The geography student exploring cultures — and encouraging others to apply to Cambridge
Ever since she was 12, Rachel Mumford has been fascinated by South Korea’s distinctive culture and remarkable recent history. Now a third-year geography student, she’s also been contributing to initiatives that reach out to state school pupils.
I went to a big comprehensive in north London. The year before I started, the school was put into special measures and threatened with closure. A new head teacher was appointed and he turned the school around. On his first day, he was in the canteen serving food to the staff and students. He was a total inspiration. Tragically, he died when I was in the sixth form. I just hope he knew how much he’d done for so many young people.
Plenty of people at my school had the ability to apply to Cambridge. But few of them did. That’s one of the reasons I’ve been contributing to access initiatives at my college, Downing. I’m the JCR Access Officer. For the last two years, I’ve helped to look after candidates when they come for their admission interviews. I remember how nervous I felt.
Geography is much broader than people think. If you say you’re doing geography, people usually think about maps and glaciation. In fact, geography overlaps with many other subject areas. In the first year at Cambridge, you take both physical and human geography. One day you’re sitting in a lecture about the break-up of former Yugoslavia and the next you’re listening to an expert talking about melting ice sheets.
I love travelling and fieldwork. School field trips were a big factor in deciding to do a degree in geography. We didn’t go anywhere exotic, but I relished the experience of getting out of the classroom. What I remember most vividly is spending hours squashed into a minibus before standing on a beach in the pouring rain to look at rock formations.
I’ve gone down the human geography route. My final-year dissertation is on South Korean popular culture and the way it has influenced the way South Korea is perceived both domestically in South Korea, and across wider Asia, including in North Korea.
South Korea fascinates me. It began when I saw a South Korean soap opera when I was about 12. It was so well-written and completely different to anything I’d seen on English television. It made me want to know more about a country I knew was on the other side of the world. I started finding out about Korean pop music and television, as well as beginning to teach myself Korean.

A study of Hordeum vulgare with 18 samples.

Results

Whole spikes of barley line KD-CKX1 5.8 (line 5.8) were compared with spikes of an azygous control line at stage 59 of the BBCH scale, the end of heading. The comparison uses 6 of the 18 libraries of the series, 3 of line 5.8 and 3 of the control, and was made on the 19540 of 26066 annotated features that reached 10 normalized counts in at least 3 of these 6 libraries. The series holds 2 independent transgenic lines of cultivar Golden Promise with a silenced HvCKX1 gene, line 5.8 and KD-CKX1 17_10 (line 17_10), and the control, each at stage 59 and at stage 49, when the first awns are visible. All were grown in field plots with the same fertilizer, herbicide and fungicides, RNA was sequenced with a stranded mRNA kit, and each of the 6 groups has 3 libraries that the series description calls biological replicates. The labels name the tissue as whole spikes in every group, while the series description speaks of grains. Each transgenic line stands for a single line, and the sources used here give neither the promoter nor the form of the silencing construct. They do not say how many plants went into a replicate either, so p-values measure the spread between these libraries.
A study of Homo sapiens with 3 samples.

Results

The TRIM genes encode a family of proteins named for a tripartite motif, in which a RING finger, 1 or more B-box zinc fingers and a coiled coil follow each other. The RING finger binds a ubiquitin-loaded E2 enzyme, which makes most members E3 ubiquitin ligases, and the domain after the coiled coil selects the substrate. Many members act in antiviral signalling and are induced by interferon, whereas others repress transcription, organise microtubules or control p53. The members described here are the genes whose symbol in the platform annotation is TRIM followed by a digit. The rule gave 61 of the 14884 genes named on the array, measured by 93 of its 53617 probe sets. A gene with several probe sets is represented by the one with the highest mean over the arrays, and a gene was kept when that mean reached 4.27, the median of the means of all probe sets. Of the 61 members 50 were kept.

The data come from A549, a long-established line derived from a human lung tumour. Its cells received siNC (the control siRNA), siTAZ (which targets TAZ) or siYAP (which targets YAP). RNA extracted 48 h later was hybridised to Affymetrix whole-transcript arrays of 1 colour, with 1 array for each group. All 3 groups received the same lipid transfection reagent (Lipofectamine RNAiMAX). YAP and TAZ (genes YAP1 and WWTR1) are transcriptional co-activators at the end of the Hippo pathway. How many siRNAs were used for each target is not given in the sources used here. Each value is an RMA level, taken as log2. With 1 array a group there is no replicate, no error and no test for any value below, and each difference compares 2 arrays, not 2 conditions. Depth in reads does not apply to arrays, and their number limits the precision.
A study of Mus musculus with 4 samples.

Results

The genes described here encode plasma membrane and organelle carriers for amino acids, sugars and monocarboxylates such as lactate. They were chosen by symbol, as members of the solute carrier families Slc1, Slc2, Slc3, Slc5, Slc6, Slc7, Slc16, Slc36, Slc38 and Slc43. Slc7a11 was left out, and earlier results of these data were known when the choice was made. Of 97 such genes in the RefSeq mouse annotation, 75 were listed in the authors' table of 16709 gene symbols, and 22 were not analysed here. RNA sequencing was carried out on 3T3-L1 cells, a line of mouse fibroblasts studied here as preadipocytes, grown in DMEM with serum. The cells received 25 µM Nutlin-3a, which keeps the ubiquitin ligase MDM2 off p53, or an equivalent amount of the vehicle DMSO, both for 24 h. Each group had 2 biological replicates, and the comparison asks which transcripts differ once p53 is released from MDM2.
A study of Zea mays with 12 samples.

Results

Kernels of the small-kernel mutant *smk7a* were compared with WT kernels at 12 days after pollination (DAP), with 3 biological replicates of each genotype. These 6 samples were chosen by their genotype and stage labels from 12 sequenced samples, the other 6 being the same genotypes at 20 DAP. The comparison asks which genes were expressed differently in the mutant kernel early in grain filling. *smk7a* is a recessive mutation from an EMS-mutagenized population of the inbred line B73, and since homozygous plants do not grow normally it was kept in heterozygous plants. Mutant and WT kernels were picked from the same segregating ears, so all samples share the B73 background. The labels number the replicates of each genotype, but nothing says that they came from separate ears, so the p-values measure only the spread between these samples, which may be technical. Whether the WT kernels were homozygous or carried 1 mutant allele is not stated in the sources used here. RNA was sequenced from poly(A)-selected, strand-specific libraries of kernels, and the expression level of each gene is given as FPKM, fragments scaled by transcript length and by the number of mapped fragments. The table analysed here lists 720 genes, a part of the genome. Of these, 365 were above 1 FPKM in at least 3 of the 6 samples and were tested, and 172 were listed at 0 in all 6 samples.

I visited South Korea for the first time in 2015. I joined a scheme that takes students from Oxford and Cambridge to the country to teach English. We went to a city called Jinju where we worked with student nurses to help them prepare for exams in English — speaking, listening, reading and writing. The names Oxford and Cambridge are incredibly prestigious in Korea — a huge banner was above the college to welcome us.
I didn’t know anyone at Cambridge when I started. But I made friends very quickly. Most of my close friends today are people who were living on the same corridor as me during the first year. I joined several societies at the Freshers’ Fair the first term. In my first year I played a part in a play at St John’s College. It was Joe Orton’s Loot. I haven’t done anything sporty and have a nasty feeling that I might regret missing the chance to do rowing.
Reading has always been important to me. Bedtime stories were part of my childhood. I started on adult books early on; my year-8 English teacher suggested I read the Russian classics. I quickly get immersed. Recently I’ve been reading lots of Japanese and Korean authors in translation. If you haven’t yet read The Vegetarian by South Korean writer Han Kang, you’re in for a treat.
My family are my rocks. They’re encouraging without putting pressure on me. My dad’s family are British and my mum was born in Hong Kong. This mix of cultures has definitely contributed to my interest in East Asia. I did A-level Japanese, I’ve taken classes in Mandarin at Cambridge, and I’ve learnt to read and write in Korean, but I still have to master the spoken languages.
I’ve got a conditional place to stay on at Cambridge to do an MPhil in Geographical Research. I plan to look at whether South Korean popular culture can be considered ‘soft power’ — whether the success of Korean popular TV and music can garner political support for South Korea. After that I would like to work in government or in a think tank, preferably one with an international focus — the Diplomatic Service is the dream!
This profile is part of our This Cambridge Life series.